Adam Hammond - Manager and Surf Instructor, Surf Camp Australia, Seven Mile Beach, NSW

Adam Hammond
'I'm doing what I love – surfing and being at the beach. I get to meet lots of cool people and everyone's happy.'

After completing an outdoor recreation course in the Blue Mountains, Adam has been working in seasonal jobs all over Australia. From the slopes to the waves, he guides and instructs in all types of roles.

For the last few summers, Adam has been working as manager and surf instructor at Surf Camp Australia’s south coast camp. Each week around 90 people of all ages and nationalities take a chance on the waves and stay onsite to swap surf stories. Instructors are out in the water for support and encouragement, and the odd push of the board as the punters try their luck for a wave.



What does your job involve?

I supervise staff, order food and other supplies, and keep an eye on lessons so that they run safely and on time. On the more interesting side of it, I often run lessons with the campers – up to around 90 people a week. We get people from over the world, as well as Australians. Lessons start on the sand, where we show them the moves and what to do when they get in the water. After that, the fun begins!

What do you like most about your job?

I’m doing what I love – surfing and being at the beach. I get to meet lots of cool people and everyone’s happy – they pay to be there, and they’re just happy to be on the beach, surfing in Australia. It’s a great lifestyle – more of a lifestyle than a job, really.

What are some of the highlights?

There’s so many – everything here is always such good fun that it’s hard to find a standout moment. I guess the best thing is when someone who doesn’t think they will be able to surf, whether because of their physical size or strength, actually stands up on a wave. One guy did that and cried because he was so happy.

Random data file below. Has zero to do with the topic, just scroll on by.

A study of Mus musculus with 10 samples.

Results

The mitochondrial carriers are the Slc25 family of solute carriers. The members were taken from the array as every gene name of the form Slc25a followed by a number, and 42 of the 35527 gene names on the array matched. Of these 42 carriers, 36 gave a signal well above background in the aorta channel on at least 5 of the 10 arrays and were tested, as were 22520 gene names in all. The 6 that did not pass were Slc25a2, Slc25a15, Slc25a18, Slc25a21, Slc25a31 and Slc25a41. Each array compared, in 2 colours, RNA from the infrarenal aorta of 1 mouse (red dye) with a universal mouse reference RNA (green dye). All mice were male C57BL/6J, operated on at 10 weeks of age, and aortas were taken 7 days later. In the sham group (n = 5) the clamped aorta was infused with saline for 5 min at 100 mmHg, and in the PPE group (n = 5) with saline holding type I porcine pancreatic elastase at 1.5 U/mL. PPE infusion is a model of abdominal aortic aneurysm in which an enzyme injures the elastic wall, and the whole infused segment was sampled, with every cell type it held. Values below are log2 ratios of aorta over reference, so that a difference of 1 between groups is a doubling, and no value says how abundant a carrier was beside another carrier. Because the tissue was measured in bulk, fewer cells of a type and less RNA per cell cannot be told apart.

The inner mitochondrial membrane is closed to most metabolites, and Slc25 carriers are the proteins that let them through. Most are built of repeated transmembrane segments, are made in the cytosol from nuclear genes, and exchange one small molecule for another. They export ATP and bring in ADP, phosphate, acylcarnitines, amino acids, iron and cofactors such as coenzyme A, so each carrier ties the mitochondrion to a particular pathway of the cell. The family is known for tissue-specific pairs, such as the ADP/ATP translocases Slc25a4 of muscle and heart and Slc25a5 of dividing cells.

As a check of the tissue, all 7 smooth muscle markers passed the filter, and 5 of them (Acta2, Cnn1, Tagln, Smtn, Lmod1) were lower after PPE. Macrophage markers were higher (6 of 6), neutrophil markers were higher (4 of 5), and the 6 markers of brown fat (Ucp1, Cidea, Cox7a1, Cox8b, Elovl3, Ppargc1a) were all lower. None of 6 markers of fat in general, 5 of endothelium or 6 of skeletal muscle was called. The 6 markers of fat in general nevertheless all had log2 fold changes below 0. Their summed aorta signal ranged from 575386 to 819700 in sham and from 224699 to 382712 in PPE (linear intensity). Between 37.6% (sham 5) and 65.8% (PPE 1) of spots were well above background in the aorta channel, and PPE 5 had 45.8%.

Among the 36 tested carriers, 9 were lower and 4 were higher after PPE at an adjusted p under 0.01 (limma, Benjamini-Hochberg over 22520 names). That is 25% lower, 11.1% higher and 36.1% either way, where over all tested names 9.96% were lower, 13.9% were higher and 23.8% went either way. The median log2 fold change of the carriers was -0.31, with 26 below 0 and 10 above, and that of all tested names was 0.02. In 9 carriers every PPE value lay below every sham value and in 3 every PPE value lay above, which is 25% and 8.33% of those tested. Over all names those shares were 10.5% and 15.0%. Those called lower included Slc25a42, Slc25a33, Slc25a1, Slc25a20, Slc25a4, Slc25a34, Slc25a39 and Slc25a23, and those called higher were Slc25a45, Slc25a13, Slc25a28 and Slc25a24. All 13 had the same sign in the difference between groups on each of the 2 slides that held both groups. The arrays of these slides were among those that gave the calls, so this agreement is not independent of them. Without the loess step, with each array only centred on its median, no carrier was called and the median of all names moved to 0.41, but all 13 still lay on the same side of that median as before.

There was another guy who was so big that we didn’t have a board big enough for him to surf on. We got two boards and tied them together on top of each other to get some more buoyancy, and he actually caught a few breaks. That was a pretty good moment – for him and everyone else.

What do you do outside of the surfing season?

The surfing season here runs from September to May, so there’s quite a bit of time between that to work elsewhere. Last season I went to the snowfields to work for the winter, and the season before that I worked in a backpacker hostel. Next winter season I think I might go travelling overseas.

How do you find seasonal work?

Just do a search on the Internet for the sort of thing you want to do, and then find the businesses operating in that area. You can usually find vacancies on their website, or approach them directly. There’s also a few websites that list outdoor recreation jobs.

What other seasonal jobs are out there?

There’s heaps to do – just about anything that involves guiding or instructing. You can take groups hiking, teach skiing or snowboarding, lead rafting groups, or work in a more general role at an adventure camp – doing ropes courses, rock climbing and things like that. There are also quite a few opportunities overseas. For many roles you need a guiding or outdoor education qualification, but others you don’t.